Dog lovers, rejoice. A new poll by Public Policy Polling (PPP) found that more than half of American voters, or 52%, prefer dogs to just 21% who choose cats.
The PPP surveyed 603 registered voters over the phone between June 11 and June 13, covering a broad range of animal-related questions ranging from favorite movie-animal characters to whether cat owners are weird. Overall, the study found that most Americans are pet-friendly, with 6 in 10 voters owning a pet while 1 in 5 people prefer to spend time with their pets over humans.
The survey also found that Americans are most afraid of snakes, with 21% ranking them as the scariest animal, followed by 19% finding alligators and 18% citing sharks as the most terrifying creatures. But in selecting an exotic pet, 26% of respondents named a tiger while 20% imagined a giraffe as a house pet.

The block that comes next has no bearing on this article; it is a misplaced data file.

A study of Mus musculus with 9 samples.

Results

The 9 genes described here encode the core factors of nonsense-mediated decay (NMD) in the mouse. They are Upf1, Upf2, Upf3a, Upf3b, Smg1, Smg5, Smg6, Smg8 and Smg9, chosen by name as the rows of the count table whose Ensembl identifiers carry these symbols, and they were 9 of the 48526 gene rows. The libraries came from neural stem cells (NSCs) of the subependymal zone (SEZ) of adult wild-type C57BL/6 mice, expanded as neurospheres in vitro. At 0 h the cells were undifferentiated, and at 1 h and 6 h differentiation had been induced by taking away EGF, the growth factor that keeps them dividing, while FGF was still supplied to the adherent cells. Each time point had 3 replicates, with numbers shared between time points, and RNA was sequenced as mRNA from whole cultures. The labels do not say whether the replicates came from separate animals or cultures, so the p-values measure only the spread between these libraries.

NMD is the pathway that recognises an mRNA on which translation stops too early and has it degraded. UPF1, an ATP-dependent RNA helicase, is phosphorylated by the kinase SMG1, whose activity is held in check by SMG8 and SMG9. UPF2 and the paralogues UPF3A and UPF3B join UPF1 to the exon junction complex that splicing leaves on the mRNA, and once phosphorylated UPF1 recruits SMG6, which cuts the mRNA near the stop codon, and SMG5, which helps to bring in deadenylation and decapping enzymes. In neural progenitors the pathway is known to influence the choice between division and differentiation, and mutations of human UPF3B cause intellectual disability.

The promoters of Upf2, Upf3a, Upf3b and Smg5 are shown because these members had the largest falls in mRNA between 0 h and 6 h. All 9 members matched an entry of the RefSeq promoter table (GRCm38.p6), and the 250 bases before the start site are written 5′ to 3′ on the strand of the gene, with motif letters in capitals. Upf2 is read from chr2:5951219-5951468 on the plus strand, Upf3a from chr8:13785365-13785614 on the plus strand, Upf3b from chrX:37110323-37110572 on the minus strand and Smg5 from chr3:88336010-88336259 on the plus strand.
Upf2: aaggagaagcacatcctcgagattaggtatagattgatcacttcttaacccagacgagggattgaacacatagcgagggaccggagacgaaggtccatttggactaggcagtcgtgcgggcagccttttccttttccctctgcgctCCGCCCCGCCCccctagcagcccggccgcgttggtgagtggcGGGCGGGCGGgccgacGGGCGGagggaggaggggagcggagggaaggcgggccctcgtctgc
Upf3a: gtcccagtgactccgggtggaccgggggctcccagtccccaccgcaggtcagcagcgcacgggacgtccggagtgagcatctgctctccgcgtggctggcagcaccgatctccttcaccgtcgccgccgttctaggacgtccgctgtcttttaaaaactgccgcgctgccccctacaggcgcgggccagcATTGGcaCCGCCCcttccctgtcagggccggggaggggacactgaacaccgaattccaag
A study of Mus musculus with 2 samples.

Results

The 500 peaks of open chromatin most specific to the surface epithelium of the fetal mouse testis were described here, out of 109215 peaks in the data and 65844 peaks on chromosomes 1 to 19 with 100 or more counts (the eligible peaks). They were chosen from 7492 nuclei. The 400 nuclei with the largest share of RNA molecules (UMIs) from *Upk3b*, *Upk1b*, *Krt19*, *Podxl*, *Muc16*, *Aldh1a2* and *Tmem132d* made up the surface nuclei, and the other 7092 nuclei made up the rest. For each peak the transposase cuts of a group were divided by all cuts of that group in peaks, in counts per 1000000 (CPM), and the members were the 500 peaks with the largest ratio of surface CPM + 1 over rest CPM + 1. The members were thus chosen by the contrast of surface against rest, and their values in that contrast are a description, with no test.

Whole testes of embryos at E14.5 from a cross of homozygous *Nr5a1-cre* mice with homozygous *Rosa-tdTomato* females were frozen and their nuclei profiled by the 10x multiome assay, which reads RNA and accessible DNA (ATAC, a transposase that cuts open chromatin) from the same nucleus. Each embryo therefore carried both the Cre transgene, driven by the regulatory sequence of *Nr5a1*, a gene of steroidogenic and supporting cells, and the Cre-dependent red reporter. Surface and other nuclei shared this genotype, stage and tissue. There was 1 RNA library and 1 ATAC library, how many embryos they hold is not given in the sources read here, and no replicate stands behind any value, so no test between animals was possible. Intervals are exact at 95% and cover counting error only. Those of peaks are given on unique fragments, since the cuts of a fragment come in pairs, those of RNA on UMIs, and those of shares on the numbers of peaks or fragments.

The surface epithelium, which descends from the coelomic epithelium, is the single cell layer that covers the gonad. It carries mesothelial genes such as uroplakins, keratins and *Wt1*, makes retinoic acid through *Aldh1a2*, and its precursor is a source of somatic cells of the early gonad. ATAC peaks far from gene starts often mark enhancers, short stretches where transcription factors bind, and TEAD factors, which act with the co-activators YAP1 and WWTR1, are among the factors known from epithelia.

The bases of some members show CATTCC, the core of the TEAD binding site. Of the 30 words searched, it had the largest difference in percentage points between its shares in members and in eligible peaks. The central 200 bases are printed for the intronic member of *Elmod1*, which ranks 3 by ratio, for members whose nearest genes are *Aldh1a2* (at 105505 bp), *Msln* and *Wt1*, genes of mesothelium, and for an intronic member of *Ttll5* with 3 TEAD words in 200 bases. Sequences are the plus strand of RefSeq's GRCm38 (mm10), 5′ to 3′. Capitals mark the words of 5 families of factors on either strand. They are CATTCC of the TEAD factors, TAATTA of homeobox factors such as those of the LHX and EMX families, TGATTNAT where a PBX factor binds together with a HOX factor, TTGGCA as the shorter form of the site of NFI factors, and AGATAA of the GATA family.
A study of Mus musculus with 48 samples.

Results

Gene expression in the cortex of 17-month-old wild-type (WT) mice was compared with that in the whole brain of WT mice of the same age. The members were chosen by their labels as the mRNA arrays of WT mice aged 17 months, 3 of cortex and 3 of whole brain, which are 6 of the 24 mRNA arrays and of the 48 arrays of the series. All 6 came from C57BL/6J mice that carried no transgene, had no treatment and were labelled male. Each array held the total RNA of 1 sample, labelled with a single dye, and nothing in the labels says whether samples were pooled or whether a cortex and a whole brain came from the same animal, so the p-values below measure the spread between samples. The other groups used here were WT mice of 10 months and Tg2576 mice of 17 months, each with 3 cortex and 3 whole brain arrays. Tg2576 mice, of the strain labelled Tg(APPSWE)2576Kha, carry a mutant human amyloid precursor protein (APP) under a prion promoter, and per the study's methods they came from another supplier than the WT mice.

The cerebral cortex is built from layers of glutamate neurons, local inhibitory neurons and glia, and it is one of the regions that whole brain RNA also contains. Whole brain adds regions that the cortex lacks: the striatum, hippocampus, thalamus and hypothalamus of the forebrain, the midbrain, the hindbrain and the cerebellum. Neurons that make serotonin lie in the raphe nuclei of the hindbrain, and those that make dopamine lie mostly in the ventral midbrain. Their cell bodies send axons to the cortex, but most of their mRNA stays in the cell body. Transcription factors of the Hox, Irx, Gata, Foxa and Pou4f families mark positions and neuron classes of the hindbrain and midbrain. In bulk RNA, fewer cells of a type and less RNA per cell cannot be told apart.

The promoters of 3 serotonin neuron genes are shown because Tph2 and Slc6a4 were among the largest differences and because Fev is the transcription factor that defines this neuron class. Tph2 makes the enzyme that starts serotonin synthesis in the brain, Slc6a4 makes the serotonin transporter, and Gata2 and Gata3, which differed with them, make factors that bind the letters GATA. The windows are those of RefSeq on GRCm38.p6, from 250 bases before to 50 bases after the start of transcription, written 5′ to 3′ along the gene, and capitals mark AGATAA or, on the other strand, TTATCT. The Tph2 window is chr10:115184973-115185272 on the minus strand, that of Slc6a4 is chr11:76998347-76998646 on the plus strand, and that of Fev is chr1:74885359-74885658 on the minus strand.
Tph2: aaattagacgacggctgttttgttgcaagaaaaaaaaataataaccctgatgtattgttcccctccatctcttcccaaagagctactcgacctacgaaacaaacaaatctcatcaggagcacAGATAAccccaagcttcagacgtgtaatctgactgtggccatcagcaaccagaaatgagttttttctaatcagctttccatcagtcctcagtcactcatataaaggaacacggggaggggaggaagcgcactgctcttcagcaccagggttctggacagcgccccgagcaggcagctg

And who was the most favored movie animal? Classic characters prevailed with the doe-eyed Bambi ranking the highest with 23% of the vote while 19% of the respondents picked Lassie as their favorite. The PPP survey even addressed mythical creatures, asking respondents whether they believe the Loch Ness Monster is real. While 64% said they don’t believe it, 18% said yes while another 18% said they are uncertain.
The poll also asked voters of how they view the Humane Society and PETA. While the Humane Society was viewed more favorably, surprisingly vegans and vegetarians have much lower support for these proanimal organizations, with a mere 22% of them supporting PETA and 45% supporting the Humane Society.